Martha Daniel Newell, ’42, kept a personal memoir which included these entries about her years at Georgia College.
We weren’t allowed to ride in cars with boys. So our social life was rather restricted. We could go to dances at GMC under heavy chaperonage, and we had a couple of “free” weekends each semester when we could be away. Otherwise our dates had to be on campus dancing in the rec halls or walking or sitting on one of the many benches around. We had a night watchman to check on our behavior.
I was a class officer my freshman year and a winner in the “Miss Charming Smile” contest, also was in a movie-star lookalike contest, looking like Olivia DeHaviland or Andrea Leeds. Didn’t study much but managed to make decent grades.
During my sophomore year I was a class officer and had many dates with boys at Emory, Georgia Tech, University of Georgia and occasionally at Mercer University.
Music in the late thirties and forties was wonderful – at least for the teenage and college crowds. I remember once at a University of Georgia dance hearing Frank Sinatra sing when he was just a skinny kid with a good voice.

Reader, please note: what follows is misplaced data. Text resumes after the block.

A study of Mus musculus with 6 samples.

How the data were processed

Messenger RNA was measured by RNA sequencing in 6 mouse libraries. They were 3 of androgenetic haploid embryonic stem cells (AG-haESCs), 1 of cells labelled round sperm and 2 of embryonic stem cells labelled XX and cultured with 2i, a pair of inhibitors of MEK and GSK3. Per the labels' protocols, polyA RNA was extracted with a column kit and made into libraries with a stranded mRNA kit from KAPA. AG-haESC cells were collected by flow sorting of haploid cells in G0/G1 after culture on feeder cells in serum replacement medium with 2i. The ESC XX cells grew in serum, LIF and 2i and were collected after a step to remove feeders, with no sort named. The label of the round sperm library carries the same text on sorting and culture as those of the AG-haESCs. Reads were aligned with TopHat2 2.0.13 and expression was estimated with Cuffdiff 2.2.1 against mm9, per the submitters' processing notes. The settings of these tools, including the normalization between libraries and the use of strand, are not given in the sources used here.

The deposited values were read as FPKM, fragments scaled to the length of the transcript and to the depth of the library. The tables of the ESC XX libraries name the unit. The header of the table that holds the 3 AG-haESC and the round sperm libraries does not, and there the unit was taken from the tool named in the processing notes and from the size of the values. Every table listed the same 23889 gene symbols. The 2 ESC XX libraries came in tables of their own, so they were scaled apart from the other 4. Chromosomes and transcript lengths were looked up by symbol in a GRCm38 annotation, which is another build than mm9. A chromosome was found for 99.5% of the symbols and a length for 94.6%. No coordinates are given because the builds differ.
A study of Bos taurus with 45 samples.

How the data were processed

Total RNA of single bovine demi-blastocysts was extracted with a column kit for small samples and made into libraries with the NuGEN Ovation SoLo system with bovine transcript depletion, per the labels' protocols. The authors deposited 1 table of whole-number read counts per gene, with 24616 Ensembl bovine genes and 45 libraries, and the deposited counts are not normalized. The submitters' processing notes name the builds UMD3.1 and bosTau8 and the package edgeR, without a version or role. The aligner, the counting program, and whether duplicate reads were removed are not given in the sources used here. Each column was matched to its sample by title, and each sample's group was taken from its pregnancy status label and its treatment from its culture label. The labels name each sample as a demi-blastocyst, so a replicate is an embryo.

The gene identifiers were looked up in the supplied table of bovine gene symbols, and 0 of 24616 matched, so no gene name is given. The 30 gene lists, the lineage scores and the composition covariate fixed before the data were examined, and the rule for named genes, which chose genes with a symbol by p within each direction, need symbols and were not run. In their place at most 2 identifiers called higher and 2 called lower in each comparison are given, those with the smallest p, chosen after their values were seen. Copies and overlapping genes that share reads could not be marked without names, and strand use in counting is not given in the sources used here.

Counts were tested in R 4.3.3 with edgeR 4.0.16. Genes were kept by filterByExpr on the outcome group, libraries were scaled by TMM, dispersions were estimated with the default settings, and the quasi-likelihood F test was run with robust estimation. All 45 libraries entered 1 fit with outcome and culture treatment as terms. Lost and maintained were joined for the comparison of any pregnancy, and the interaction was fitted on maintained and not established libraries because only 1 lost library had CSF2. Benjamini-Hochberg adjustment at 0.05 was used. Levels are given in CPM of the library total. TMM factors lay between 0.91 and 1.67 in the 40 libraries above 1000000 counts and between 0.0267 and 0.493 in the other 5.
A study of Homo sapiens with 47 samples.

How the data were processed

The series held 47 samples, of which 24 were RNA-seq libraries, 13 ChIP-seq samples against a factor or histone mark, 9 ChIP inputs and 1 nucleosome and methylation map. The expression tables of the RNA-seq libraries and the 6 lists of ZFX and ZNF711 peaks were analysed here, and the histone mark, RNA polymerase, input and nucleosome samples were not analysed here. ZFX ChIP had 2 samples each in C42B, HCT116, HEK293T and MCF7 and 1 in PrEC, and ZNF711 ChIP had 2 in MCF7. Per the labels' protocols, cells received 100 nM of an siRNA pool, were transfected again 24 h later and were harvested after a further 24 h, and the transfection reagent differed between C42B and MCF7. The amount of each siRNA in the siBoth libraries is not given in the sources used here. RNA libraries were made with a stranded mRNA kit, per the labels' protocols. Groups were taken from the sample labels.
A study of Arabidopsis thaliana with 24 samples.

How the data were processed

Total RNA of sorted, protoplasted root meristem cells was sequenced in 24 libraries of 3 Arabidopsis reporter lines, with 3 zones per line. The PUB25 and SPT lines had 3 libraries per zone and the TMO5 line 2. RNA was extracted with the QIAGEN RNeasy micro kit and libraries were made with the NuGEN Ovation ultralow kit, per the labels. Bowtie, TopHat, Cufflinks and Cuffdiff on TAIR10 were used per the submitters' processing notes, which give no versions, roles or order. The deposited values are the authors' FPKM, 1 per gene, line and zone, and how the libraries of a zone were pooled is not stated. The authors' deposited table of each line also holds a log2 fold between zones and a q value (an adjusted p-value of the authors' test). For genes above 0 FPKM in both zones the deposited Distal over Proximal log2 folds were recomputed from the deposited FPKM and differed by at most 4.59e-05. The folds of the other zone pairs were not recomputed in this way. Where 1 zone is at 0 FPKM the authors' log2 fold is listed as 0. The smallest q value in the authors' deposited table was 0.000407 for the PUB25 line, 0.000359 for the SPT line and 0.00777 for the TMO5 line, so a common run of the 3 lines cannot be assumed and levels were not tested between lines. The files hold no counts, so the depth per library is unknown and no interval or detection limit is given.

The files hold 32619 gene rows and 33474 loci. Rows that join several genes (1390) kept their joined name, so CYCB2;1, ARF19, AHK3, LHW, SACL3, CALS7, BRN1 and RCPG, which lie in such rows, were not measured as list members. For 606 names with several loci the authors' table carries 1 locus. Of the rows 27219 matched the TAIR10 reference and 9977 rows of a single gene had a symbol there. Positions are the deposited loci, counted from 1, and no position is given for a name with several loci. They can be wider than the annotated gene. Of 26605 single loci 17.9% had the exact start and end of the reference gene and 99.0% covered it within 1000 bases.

My junior year I was elected a student government officer, so my political career continued. I had decided to major in Home Economics – a grave mistake? What I should have majored in was French or Library Science. But hindsight is better than foresight. I did live in the “Practice House” one semester, plan and cook meals, etc., though I think I could have picked this up on my own at some point.
My senior year I was elected president of the student body. This new duty consumed even more of my time away from my studies so I never got any scholastic honors.
On December 7th of that year, our world spun off in a different direction when suddenly the Japanese destroyed our naval fleet at Pearl Harbor and World War II began. All of our boyfriends, brothers, cousins and even some uncles and fathers were suddenly called into service.
Adapted from articles in the Spring 2010 Connection magazine.